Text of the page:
JIS News

The Citizens Security and Justice Programme (CSJP) is in the process of hiring residents as assistants to officers working on the ground as part of efforts to enable the programme to effectively carry out its objectives.
Programme Manager, at the CSJP, Mr. Simeon Robinson tells JIS News that the assistants will aid in the mobilisation of services within the various communities under the CSJP.
“They will be able to more quickly advise us of some of the real issues or needs of their community. They will actually be the point persons, who are residents within the communities through which we can liaise and we can network. If you add the 28 persons, which would be one in each of the communities, we believe this will give us enough resources on the ground to execute the range of activities that are planned,” he explains.
Mr. Robinson further notes that the decision to hire residents to support the activities of the CSJP is a way of building capacity.
“At the end of the day when CSJP would have reached its sunset, we would have left within each community, enough capacity to carry on the work that we have been doing and that is one of the reasons why we have elected persons in each community,” he states.
Currently, the CSJP is in the process of finalising the hiring of the assistants, and persons participating in this venture will also be paid a salary.
Meanwhile, since its inception, the programme has been using several activities to help transform the lives of persons. Some of these include the promotion of better parenting practices, and the provision of skills training for individuals.
“We have been doing what we call the economic empowerment intervention such as assistance in the preparation for Grade Six Achievement Test, back to school support, and tuition support at the tertiary level. We have been providing support in terms of vocational skills training combined with life skills training,” Mr. Robinson explains.
“We have been providing general support in terms of facilitating the environment for democratic governance arrangements within the communities; building on positive leaderships. We have been providing space, community spaces through multi-purpose centres in the communities,” he adds.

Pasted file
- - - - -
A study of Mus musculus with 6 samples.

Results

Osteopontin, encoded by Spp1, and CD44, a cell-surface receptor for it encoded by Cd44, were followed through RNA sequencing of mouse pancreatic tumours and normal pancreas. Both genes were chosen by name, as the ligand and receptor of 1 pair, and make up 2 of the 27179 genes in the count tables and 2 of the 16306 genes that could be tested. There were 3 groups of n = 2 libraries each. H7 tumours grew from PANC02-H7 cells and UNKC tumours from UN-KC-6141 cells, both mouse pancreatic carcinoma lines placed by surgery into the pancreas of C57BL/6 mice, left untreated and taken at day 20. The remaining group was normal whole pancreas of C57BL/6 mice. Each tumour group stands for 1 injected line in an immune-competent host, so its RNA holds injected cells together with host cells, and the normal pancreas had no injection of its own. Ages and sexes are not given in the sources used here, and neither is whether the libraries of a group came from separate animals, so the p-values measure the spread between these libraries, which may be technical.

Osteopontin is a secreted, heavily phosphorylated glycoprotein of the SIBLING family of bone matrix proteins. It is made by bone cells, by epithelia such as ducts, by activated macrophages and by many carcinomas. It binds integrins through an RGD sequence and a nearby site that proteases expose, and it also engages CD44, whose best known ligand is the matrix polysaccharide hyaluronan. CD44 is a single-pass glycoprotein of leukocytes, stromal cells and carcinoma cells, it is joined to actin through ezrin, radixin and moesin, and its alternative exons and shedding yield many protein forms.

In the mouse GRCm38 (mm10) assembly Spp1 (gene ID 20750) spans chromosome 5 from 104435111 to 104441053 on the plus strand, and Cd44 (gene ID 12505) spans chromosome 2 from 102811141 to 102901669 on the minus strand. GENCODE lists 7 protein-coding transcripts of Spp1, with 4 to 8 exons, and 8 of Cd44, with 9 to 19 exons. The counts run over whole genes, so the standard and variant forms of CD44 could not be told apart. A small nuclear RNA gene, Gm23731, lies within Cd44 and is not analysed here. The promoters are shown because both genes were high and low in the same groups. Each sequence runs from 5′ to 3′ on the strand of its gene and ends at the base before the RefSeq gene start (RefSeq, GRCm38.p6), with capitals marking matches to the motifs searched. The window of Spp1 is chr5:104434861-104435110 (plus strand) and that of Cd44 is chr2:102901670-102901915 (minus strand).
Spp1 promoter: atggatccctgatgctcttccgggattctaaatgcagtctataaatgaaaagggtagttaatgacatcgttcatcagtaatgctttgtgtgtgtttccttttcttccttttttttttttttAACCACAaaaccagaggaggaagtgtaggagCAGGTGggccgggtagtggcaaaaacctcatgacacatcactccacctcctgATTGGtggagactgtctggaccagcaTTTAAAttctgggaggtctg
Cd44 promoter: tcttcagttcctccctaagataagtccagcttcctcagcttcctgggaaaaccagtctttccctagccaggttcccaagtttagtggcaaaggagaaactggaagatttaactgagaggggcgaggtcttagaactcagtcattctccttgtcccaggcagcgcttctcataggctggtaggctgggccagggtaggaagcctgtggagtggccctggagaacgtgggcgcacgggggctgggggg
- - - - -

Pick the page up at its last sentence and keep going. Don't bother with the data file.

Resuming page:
In the communities, the Multi-purpose centres are used by the residents as an area to host meetings, provide skills training, and host social functions. “These are activities that we have had residents from all over the communities validate as important to their wellbeing,” the Programme Manager states.
Mr. Robinson expressed his appreciation to the various Non-Governmental Organisations (NGOs) that have been assisting the programme in carrying out its mandate. Some of these NGO’s include Rise Life Management, Kingston Restoration Company, and Youth Opportunities Unlimited.
“We do work with a large cadre of volunteers in each of these communities. I don’t think we could afford to hire the number of persons who we rely on to assist us on the ground. We have for instance some community based organisations through which we work and these persons are essentially volunteers and they have supported the programme in very significant ways,” Mr. Robinson says.
“Without them we would have to expand the staffing arrangement significantly and I don’t think the programme can afford to do that. Because of these volunteers we are able to deploy our resources in a strategic way within each community. When I refer to community-based organisations a number of them organise themselves into Benevolent Societies, in other words they are legal structures and among the membership of the benevolent societies are several community based organisations like Police Youth Clubs among other interest,” he adds.
The CSJP, a programme of the Ministry of National Security, is in its second phase of funding from the Inter-American Development Bank, which will run until December 2013. Its main objectives are to prevent and reduce crime and violence, and to strengthen crime management capabilities through community action, and institutional strengthening of the Ministry level.
Currently it operates in 28 inner city communities, or volatile and vulnerable communities in the Kingston Metropolitan Area, as well as in St. James and Westmoreland.